Album Review: Anjimile – The King

[4AD; 2023]

The first sounds we hear on the new record from singer-songwriter Anjimile is a cavalcade of heavenly voices. It’s a dramatic flourish of an entrance, one befitting the album’s name: The King. The eponymous song eventually transitions starkly into a bed of rapidfire guitar arpeggios and a tense sense of place, as Anjimile’s honeysuckle voice comes in, a bit more ominous than on much of his earlier work, singing about death, plague, and “the mark of Cain.” It’s an appropriately biblical tone setter for a record that is largely concerned with themes of loss, thorny parental relationships, and Black pain. Written in the wake of COVID-19’s ravaging of the world and the string of murders of unarmed black Americans, The King is grave and serious, underpinned by glints of hope and optimism that don’t forget the pain at the heart of the moment.

Anjimile’s last album Giver Taker had a warm and homespun vibe to it, even as it detailed some serious subject matter (it was written in the aftermath of his experience in rehab for alcohol addiction). It was, though, ultimately a grateful record about claiming life and making it yours. The King transitions from that idea and expands, looking outward from himself and also at the nation he calls home. 

Some songs — namely the decidedly grim triptych of “Genesis”, “The Right” and “Animal” — deal directly with death, injustice, and the loss of innocent black lives. Those three specifically were written after George Floyd’s life was snuffed out at the hands of four Minneapolis police officers in 2020. Though the subject matter is tough, the intensity never makes the songs hard to hear, mostly because Anjimile is so adept at crafting lovely guitar-based soundscapes, and is usually singing in his fluttering voice. “Genesis” is especially touching, with the metallic stabs of noise and plinking music-box tones, as he sings lines like “I don’t want to be dead yet.” His voice sometimes hinges on overly theatrical, as on songs like the clangorous “Black Hole” or the swaying “Anybody”, but it is always a very pretty instrument that has been refined and sharpened well over the years. There’s more depth and gravity to his delivery than on Giver Taker, and the album is better for it.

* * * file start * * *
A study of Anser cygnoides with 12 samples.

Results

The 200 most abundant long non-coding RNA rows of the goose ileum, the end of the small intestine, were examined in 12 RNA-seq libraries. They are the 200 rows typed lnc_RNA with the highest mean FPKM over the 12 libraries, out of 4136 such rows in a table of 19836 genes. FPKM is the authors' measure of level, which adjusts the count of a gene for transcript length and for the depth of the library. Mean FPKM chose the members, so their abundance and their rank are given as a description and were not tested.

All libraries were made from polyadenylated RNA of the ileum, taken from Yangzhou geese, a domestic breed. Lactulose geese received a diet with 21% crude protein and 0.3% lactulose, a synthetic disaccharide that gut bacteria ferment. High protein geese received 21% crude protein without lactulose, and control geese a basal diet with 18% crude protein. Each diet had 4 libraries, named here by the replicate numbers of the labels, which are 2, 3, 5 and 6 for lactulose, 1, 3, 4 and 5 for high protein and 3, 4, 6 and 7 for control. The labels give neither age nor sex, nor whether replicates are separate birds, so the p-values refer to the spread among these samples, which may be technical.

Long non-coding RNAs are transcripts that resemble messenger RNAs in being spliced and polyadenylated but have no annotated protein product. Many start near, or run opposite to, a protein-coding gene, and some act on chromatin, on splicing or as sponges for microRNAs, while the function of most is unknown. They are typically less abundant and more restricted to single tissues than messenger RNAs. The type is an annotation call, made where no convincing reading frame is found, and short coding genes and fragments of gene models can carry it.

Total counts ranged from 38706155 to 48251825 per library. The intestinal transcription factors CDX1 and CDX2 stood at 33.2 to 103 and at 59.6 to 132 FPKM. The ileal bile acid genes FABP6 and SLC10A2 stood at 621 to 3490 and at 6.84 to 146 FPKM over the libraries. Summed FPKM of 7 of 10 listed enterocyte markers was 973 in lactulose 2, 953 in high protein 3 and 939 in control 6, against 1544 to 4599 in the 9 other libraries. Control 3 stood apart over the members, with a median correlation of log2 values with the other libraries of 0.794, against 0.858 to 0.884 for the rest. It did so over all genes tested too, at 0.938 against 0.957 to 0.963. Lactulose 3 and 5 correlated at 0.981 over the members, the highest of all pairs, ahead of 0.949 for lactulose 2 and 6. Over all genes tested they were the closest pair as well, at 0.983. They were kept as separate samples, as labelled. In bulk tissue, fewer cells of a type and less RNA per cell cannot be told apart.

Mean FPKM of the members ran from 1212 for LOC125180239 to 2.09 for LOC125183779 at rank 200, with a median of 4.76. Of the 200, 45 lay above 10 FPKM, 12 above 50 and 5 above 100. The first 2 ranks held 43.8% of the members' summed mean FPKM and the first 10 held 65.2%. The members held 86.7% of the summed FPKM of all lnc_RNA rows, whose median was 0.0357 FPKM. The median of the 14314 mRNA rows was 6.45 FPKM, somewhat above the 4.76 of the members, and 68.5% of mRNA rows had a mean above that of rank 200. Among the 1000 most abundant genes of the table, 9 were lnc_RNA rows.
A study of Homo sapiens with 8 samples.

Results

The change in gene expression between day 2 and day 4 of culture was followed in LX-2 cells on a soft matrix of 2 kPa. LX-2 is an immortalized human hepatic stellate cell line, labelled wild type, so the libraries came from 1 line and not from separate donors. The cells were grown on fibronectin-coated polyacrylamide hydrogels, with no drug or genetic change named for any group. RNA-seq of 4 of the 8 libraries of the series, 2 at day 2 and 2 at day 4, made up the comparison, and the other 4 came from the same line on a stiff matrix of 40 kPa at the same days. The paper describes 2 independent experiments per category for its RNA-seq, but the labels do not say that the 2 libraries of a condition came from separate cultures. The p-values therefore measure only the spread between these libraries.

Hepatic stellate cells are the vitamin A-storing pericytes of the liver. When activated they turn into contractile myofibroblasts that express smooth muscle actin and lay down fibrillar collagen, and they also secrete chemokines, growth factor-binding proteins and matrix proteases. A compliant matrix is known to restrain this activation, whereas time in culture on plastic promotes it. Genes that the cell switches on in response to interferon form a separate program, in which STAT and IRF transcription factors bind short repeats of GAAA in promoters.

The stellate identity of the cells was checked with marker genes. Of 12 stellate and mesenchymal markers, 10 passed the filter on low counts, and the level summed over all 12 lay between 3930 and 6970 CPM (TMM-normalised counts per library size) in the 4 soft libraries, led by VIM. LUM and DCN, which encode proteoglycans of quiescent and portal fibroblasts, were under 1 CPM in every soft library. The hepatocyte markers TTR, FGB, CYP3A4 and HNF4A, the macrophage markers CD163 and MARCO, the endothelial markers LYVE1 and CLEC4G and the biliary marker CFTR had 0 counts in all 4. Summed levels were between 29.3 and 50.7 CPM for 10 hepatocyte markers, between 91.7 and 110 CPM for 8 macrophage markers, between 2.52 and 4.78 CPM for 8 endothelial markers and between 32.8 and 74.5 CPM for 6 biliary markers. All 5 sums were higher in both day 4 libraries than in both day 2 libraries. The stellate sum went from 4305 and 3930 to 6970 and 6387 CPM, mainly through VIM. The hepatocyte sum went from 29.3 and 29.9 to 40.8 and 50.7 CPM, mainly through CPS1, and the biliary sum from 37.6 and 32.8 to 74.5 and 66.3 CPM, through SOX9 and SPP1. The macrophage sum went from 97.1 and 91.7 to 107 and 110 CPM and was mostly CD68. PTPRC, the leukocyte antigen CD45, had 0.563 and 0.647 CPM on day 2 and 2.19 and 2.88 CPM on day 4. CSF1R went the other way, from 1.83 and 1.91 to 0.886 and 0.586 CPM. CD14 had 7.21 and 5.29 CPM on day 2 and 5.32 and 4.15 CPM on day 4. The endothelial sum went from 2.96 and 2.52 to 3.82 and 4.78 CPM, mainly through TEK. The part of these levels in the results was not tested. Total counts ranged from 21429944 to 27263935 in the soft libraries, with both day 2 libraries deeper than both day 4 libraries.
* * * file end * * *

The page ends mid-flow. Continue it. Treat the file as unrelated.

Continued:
The album centers almost entirely upon his voice and guitar, though you may not always realize it. Apart from some string or keyboard sections here and there, practically every instrumental sound is his guitar, whether nakedly spare as on “Father”, or brittle and unrecognizable as on the title track, where it sounds like a haunted harpsichord or marxophone. The clever effects placed on his guitar keep each song feeling distinct while also never abandoning the comfort zone he resides in; it’s a clever way of building a more dense and intricate soundscape without actually needing a dozen extra players in the room. On some songs, like on the haunting and plodding “Harley”, the guitar sounds heavy and watery, almost marsh-like in its webbing decay. On others, like “Anybody”, it’s light and airy, his voice pirouetting over it like Ari Picker of Lost in the Trees.

The King is an impressive step up from the small-scale ruminations of Anjimile’s debut, utilizing his instrument in inventive and beguiling ways (just what is ambient soup of “I Pray” actually made of?!).The King is full of voices, both his own and those of the ones he sings about and for, and that communion is one of the album’s biggest strengths. It does maintain some habits that threaten to curdle the gravity of his songs into preciousness or melodrama, like his quivering vibrato and theatrical mannerisms (at times, the songs almost sound like folky musical theatre numbers). But, overall, these nitpicked conflicts don’t negate the sheer power of what Anjimile has constructed here.